By Cole Cusumano
It was a beautiful 75-degree Saturday at Las Vegas Motor Speedway, as the sell-out crowd of 12,500 flocked into the grandstands for what was a highly strategic and emotional NASCAR Xfinity Series event. The 200-lap race showcased many gutsy performances from many in an afternoon where there were 23 lead changes — the most in the series in Sin City since 2007.
This was a testament to the intense racing displayed, not only up front, but throughout the field. Among the most impressive showings was that of A.J. Allmendinger, who led 44 laps and got by the dominant car of Daniel Hemric with 13 to go en route to his second career oval victory.
Now with a combined four wins over the last 20 events started, it’s hard to argue against Allmendinger’s claims of “getting better with age,” in his career rebirth at Kaulig Racing. The second coming of ‘The Dinger’ won’t only be a treat for fans intermittently, but on a full-time basis; meaning he’s locked himself into the playoffs for only the second time in his 14 years competing in NASCAR – the last time was 2014 in the NASCAR Cup Series).
“Every opportunity that I’ve gotten in my life I feel so fortunate and appreciative for — whether it’s worked out or hasn’t worked out,” Allmendinger told NEWS FROM THE PITS. “That’s why I’m so emotional after a win, because it’s all the men and women that put the effort into it, and it’s Matt Kaulig, and Chris Rice and all of our partners.
“It means the world to me and the best way I can show them is driving my ass off, because that’s all I know how to do and that’s the only way I really know how to show them.”
While Allmendinger emerged victorious, it was Stage Two winner and 2019 Cup Series Rookie of the Year Hemric, who led a race-high 74 laps that established himself as the clear favorite throughout the Alsco Uniforms 300. This was largely due in part to the position he was put into thanks to his No. 18 pit crew at Joe Gibbs Racing.
Winning battles off pit road is always an advantage, but it was even more vital in Las Vegas after learning throughout the afternoon and the NASCAR Camping World Truck Series the night prior how critical clean air was. Although Hemric had to settle for a runner-up placing, it can’t be understated how valuable the Joe Gibbs Racing team members were all day.
“The pit crew on our team is unbelievable,” Hemric said. “I’ve never in my career come down pit road with more confidence. Ultimately, they put me in a position to win this race. It’s a different feeling, I can promise you, in the race car to come down pit road and know you have that kind of group behind you.”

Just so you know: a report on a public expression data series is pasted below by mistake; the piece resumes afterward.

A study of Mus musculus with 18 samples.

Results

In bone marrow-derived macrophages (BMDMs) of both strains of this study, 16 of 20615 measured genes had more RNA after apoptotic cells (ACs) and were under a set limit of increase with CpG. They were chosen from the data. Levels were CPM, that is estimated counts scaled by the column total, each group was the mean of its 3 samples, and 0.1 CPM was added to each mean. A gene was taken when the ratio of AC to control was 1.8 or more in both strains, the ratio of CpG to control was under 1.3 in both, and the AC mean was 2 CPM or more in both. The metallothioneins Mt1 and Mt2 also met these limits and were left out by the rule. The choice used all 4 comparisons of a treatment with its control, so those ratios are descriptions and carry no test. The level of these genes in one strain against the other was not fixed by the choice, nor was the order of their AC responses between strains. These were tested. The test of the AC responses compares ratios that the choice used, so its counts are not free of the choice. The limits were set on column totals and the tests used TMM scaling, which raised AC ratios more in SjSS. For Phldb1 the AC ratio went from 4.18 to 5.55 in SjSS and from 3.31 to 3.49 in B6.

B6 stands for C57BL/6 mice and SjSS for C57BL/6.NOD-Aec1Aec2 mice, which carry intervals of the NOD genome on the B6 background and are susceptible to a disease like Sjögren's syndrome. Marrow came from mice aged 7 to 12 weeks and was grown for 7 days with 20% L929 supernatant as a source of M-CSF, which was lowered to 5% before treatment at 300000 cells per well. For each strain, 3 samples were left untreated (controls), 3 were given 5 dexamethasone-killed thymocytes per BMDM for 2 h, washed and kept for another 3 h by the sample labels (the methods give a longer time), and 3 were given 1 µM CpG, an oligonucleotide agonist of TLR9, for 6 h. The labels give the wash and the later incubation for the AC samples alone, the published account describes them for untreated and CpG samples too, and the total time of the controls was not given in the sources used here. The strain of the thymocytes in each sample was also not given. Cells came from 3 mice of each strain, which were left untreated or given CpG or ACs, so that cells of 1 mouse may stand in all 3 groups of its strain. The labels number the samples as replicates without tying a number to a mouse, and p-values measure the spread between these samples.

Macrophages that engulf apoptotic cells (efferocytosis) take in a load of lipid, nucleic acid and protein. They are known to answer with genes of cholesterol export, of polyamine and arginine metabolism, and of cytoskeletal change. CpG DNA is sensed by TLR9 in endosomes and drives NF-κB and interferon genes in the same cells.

Third-place finisher Brandon Jones also led laps and had a shot at the win by virtue of positioning by the pit warriors, and he too is aware of the impact they’ve had on his Xfinity Series career since joining the organization in 2018.
It was an all around impressive showing from Kaulig Racing, as all three drivers finished inside the top-10 — but this was not without adversity. Justin Haley suffered a spin on Lap 73 and was able to rebound to finish eighth, while even leading a bit in the final stage. Jeb Burton earned 10th after serving a pass through penalty with 45 to go for removing equipment from the pit box.
To say 2021 has been an abysmal year for JR Motorsports would be an understatement. Prior to the event at Las Vegas, they only had a total of two top-10s between four teams and those came between two separate drivers in the part-time No. 8 car. The team owned by Dale Earnhardt Jr. found lady luck on Saturday after tacking on three more to their season total — the most enticing being from Josh Berry.
After six years of chasing a Championship for JRM in the CARS Late Model Tour, Berry was given a part-time shot at NASCAR and he’s made his presence known in each event started in 2021. He’s successfully clicked off back-to-back top-10s and he’s been praised by his team, and competitors for talent and grit.
What would a track position venue like Las Vegas be without some flared tempers? On Lap 175, Stage One winner Austin Cindric turned Harrison Burton for blocking, saying over the radio, “You can only be blocked by the same guy so many times […] If he was faster he should have run the bottom.” In the end, both cars finished inside the top-10; Cindric fourth and H. Burton ninth.
Among other standout performances was Santino Ferrucci of Sam Hunt Racing. The IndyCar driver flexed his muscles for a hard fought 13th-place finish. He was trading paint with one of the series’ best in Justin Allgaier for a good three laps before securing the top-15 in just his second career Xfinity start.
Ultimately, clean air proved to be king in this Xfinity Series event that appeared to be survival of the fittest in the opening stages. Three and even four-wide racing for position provided those in attendance and at home with hours of entertainment.
Endurance was the objective in the 300-mile event, but execution of pit strategy is what made for a successful afternoon for teams and the product displayed. Allmendinger is now locked into the postseason with Myatt Snider and Austin Cindric, as the Xfinity Series continues their West Coast swing to the sight of the Championship — Phoenix Raceway.